One might be surprised by the pleasure and satisfaction which can be gained from guessing a five-letter word; with considerable help, it must be said. But Wordle’s joy is in its simplicity. Its lack of frills, levels and graphical fidelity only adds to enjoyment produced by a simple, stripped-down web app.
Wordle’s selling point, beyond the self-serving intellectual validation which it provides, is the social aspect. In the absence of procedural levels, the game’s daily word allows for the sharing of your result among friends or strangers on Twitter, if that’s how you derive your fun. Despite this competitive aspect, Wordle retains a level of integrity. The ability to search up the day’s Wordle and parade your apparent intelligence across the internet is combatted not only by the fact that for one, very few people care, but also by the hollowness of the victory. Wordle has managed to combine both the fear of failure, should you not guess the word, with a converse sense of dissatisfaction, or guilt, if you effectively cheat. And it is this, I must admit, which has made Wordle a surprisingly stressful experience. This positive aspect, the sharing of your result, has become an intellectual rat race and while it is entertaining to witness so starkly Paddy Miller’s inability to spell, there resides a fear that you too could be caught out by some archaic appellation.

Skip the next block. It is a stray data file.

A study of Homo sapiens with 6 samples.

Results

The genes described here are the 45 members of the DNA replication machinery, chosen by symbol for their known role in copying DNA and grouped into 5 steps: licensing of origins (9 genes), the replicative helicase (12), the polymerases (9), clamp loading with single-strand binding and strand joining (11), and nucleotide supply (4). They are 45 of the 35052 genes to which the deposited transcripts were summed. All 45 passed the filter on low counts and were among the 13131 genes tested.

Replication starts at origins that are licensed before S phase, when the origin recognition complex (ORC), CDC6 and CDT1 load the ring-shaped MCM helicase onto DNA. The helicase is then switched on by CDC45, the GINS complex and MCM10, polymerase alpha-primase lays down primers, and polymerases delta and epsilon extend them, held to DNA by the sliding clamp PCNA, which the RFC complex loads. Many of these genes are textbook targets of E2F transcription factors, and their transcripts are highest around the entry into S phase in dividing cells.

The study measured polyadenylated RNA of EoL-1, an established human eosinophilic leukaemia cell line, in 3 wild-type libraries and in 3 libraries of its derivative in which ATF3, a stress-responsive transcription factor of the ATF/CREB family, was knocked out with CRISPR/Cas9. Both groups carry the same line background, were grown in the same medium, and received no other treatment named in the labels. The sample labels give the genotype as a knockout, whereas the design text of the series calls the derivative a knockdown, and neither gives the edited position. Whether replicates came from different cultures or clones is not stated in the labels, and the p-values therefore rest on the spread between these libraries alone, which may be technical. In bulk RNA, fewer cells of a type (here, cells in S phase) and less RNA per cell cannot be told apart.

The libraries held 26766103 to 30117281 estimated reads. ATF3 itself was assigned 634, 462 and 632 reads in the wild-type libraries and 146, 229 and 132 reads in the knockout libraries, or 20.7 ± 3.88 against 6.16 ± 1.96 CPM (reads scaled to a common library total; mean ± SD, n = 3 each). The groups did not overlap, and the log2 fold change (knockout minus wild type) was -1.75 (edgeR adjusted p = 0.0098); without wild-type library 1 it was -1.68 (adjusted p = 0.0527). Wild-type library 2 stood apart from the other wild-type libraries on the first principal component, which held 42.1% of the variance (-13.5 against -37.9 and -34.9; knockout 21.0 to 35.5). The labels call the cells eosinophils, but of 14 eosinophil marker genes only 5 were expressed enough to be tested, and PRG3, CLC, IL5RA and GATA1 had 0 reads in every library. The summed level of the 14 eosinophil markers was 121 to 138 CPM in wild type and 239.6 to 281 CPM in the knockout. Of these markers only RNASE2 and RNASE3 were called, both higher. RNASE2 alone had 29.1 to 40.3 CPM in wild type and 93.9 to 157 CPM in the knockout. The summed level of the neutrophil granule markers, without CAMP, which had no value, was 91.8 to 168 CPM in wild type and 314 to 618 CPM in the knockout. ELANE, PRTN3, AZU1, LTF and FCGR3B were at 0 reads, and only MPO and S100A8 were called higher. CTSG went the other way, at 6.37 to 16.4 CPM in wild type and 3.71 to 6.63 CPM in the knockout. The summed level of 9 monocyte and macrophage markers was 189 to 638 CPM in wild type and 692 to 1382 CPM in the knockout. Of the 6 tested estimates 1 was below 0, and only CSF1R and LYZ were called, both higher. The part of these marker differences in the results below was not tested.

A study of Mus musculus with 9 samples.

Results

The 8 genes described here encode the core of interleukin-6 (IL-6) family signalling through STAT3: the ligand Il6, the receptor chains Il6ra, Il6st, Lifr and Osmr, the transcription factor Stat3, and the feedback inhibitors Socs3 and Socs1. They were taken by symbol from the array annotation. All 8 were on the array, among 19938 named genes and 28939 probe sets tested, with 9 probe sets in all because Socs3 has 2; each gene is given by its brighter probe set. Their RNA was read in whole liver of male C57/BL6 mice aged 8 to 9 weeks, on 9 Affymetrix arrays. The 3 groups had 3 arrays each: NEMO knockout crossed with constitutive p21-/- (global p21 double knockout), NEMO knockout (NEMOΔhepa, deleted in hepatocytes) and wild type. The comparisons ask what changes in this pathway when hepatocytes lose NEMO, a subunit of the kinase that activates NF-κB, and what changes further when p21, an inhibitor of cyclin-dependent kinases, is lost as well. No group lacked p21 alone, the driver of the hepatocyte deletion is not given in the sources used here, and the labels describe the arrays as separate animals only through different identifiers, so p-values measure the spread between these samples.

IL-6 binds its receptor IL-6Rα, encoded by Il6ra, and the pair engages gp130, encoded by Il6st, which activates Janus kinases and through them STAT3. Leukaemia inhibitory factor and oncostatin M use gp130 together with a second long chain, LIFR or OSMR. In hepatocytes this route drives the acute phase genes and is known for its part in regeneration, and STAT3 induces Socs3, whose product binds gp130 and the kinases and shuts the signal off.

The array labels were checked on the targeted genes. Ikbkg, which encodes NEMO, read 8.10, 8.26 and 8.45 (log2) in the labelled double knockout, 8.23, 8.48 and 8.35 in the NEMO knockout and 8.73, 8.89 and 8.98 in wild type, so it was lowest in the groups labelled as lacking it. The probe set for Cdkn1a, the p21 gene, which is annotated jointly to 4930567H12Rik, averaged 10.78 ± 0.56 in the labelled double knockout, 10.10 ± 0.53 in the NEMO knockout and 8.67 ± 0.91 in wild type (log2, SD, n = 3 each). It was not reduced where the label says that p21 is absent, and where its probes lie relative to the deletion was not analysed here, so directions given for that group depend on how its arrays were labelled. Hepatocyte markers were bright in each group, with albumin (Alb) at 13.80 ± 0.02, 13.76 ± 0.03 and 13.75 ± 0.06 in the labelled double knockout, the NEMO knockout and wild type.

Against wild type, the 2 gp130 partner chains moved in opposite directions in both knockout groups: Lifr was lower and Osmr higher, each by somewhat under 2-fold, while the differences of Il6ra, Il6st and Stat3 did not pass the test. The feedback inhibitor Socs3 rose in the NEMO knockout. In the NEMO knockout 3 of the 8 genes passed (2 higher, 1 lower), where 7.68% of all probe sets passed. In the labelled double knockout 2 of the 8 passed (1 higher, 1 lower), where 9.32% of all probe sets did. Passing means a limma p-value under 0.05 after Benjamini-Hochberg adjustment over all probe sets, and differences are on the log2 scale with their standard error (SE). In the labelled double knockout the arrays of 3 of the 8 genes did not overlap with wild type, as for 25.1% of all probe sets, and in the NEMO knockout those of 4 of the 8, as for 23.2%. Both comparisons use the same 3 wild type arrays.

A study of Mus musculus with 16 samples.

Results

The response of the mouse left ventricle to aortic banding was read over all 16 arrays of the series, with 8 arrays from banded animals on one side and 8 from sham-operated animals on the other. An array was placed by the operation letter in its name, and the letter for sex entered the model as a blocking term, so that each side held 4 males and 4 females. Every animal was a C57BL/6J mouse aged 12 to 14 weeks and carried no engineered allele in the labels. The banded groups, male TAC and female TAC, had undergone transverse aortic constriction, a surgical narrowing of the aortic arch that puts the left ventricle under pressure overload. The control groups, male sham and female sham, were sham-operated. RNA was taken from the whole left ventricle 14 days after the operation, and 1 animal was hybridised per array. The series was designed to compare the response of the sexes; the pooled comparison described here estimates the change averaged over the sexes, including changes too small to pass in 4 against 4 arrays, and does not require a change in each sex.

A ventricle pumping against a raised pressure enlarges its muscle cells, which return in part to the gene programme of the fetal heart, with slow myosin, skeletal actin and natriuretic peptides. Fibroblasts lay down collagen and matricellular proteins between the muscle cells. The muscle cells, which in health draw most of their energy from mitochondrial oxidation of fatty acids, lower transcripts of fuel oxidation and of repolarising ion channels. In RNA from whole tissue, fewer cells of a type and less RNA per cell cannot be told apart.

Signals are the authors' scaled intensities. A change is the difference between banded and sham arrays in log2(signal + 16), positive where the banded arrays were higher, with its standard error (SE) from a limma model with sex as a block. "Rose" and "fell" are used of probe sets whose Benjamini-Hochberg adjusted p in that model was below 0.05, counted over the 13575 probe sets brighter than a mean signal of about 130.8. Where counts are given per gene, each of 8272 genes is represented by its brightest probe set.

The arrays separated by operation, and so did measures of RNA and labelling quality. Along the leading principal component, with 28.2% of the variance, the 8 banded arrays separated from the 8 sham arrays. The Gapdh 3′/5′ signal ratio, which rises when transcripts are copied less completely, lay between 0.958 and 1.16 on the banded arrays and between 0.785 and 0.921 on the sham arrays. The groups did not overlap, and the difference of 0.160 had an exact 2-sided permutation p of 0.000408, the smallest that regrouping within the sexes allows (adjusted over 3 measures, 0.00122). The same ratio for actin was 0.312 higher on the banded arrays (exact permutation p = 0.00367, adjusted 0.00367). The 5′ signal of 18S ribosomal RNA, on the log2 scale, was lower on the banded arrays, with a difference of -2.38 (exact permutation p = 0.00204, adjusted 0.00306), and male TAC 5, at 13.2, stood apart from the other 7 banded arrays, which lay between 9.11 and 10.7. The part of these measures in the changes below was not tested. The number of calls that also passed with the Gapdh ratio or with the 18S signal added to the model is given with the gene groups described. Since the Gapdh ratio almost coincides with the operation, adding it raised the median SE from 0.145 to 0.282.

There are, of course, new variations of Wordle. Le mot, for one, provides any Francophones or those who like an unnecessary number of vowels in their words with the opportunity to enjoy Wordle. But the more interesting spin-off, I would argue, is Worldle, in which an outline of a country or territory is provided, and you have six attempts with the game telling you how far you are from the correct location. While this may just be an indictment on my own geographical knowledge, I do find it more challenging and, as such, this aforementioned fear of failure is relieved. The Wordle format’s aptitude to be moulded into different forms, so different from the original premise, is impressive and it is a testament to the simplicity and appeal of Wordle that these variations have sprung from it and been, to some extent, successful. The social aspect has allowed Wordle to reach a level of zeitgeist which allows for these spin-offs to thrive from splinters of the original community.
This new-found world of Wordle has, however, been threatened by its acquisition by The New York Times. While the app remains free as of writing, it does not take the greatest of cynic to expect that this will not remain the case. One would expect the media giant to align Wordle with their other puzzle assets, such as their crossword, behind a paywall. This decision would ironically kill the very social aspect which made Wordle such a proposition for the New York Times. It would be an exclusionary move which render Wordle a mere addition to a portfolio as opposed to the cultural status which it has gained. It would, however, not be such a tragedy. While it would take many years, the English language only has so many five letter words and, thus, Wordle’s time is finite. And, more importantly, the popularity it has gained will fade. It will transform, for many, into an occasional tipple from a daily routine, a process which would be accelerated by an introduction of a paywall. While many may have expected this phenomenon to have fizzled out already, Wordle will be a flash-in-the-pan. Reference to it in cultural parlance will eventually be extinguished by time and boredom. But, at this moment, it still limps on from day to day: powered by a mixture of amusement and sense of community which has carried it thus far.